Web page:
It's a pillar of the scientific method: Fraud or errors in a scientific finding from one lab are exposed when other labs can't confirm the work. But that process has been hobbled in the stem-cell research scandal in South Korea, some scientists say. The reasons include the technical challenges of the work and restrictions by the U.S. government.
Researcher Hwang Woo-suk of Seoul National University resigned his post Friday after investigators concluded he had faked results in a headline-grabbing report published in May.
The original study said Hwang's lab had created 11 lines of embryonic stem cells genetically matched to individual patients. The investigators concluded that at least nine of those lines were bogus.
The fraud findings cast doubt on Hwang's other work, including his claim in February 2004 to have been the first to clone human embryos and extract stem cells from them.
Nobody has yet published a success in duplicating or extending that experiment. Scientists say such follow-up work is key to rooting out errors and falsehoods in scientific findings. If nobody can duplicate or extend the results of an experiment, then questions about the original findings arise.
But the failure to confirm the 2004 Hwang research doesn't necessarily mean it was bogus, cautions Dr. Curt Civin of Johns Hopkins University Medical School, editor of the journal Stem Cells. He pointed to several obstacles to trying to do such followup work.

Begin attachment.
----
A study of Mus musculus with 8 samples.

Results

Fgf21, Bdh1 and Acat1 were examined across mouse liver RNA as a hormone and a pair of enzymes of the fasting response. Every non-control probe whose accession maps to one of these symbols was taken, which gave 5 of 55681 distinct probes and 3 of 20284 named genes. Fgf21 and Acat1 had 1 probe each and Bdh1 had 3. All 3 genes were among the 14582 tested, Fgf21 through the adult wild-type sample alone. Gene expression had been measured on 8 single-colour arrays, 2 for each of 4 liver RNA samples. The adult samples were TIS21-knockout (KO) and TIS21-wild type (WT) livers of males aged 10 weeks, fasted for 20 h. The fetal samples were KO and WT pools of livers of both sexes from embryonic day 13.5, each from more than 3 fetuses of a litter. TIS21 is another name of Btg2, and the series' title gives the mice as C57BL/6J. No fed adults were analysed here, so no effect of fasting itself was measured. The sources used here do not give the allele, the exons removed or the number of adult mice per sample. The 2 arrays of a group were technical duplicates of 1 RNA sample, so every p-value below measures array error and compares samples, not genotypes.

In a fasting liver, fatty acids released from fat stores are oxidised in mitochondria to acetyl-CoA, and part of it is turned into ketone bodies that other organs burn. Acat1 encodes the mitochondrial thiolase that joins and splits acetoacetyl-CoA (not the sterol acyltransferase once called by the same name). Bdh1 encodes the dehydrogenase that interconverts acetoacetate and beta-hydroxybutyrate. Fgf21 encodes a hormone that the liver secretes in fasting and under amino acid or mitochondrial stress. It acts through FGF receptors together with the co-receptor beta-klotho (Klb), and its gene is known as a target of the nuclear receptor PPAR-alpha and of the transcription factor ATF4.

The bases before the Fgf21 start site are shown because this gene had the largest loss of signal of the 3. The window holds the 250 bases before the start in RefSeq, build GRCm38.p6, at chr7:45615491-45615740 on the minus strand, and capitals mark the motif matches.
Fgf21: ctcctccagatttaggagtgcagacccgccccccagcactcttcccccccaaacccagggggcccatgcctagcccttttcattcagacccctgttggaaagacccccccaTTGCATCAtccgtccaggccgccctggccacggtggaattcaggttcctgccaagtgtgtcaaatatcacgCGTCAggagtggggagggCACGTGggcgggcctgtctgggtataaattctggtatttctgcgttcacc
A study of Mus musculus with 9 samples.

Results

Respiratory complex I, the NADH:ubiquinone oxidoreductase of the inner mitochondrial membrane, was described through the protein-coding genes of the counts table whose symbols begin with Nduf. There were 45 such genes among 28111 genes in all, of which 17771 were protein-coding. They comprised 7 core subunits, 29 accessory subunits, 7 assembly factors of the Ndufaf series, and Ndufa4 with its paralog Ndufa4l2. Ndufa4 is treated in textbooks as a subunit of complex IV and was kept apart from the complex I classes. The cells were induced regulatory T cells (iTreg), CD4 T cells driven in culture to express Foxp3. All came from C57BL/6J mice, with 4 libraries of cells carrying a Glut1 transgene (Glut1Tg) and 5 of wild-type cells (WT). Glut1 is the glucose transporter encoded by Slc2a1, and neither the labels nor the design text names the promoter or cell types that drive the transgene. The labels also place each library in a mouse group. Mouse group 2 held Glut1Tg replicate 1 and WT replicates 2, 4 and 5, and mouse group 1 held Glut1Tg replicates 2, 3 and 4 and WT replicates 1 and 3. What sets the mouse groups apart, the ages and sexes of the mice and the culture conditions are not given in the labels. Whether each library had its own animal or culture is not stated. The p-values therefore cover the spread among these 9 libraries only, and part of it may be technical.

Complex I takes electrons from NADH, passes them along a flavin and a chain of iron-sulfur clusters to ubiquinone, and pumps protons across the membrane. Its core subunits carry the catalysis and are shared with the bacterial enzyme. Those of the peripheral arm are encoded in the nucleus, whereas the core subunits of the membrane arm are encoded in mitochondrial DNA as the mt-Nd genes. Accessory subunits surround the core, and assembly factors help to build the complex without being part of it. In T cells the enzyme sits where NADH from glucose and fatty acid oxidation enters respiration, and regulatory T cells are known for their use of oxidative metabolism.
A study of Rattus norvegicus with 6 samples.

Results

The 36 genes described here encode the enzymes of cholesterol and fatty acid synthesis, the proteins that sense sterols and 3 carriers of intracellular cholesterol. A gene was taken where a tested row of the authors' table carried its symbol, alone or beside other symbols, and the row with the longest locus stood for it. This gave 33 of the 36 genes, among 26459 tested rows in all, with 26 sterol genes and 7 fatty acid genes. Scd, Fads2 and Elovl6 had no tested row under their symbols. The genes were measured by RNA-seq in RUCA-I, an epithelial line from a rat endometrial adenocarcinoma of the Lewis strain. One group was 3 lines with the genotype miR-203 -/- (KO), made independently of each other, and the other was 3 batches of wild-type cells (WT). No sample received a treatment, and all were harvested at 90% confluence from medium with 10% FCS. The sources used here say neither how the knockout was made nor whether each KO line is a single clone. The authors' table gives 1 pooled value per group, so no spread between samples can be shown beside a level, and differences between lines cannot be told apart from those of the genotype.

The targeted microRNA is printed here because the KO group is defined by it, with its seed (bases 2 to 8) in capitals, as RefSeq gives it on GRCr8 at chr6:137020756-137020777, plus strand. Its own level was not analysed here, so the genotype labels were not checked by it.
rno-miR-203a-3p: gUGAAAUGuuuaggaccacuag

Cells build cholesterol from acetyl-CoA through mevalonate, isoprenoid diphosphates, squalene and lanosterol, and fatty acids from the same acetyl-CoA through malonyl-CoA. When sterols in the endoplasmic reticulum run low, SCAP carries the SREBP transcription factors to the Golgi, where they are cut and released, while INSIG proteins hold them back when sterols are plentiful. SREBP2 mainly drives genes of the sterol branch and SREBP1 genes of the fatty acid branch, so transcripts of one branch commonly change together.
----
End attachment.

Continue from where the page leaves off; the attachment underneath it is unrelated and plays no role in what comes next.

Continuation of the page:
Such attemps are off-limits in many U.S. labs because the government restricts federal money for human embryonic stem cell experiments, he said. Labs that depend on federal money cannot use it to create new embryonic cell lines as Hwang claims he did.
The federal policy dampens the possibilities for followup work in other countries because "a lot of countries look to us for guidelines on what they should do," Civin said.
What's more, few labs are prepared technically to do such work.
"If it were something that was important and could be done by many labs, and was not prohibited," he said, many scientists would have attempted it by now.
John Gearhart, also a Hopkins researcher, said another impediment is that Hwang's lab has not shared enough details of its technology to allow other labs to duplicate it. And apart from technical acumen, few labs in the world have permission to do work that would build on the Korean report.
Maybe some labs have tried and failed but kept quiet about it, Civin said, because the scientists "didn't feel like saying they weren't as good as the South Koreans."
Indeed, the technical expertise of Hwang's lab has often been mentioned as a crucial ingredient in its reported success. Hwang has attributed his lab workers' dexterity to lots of practice with steel chopsticks, the USA Today reports.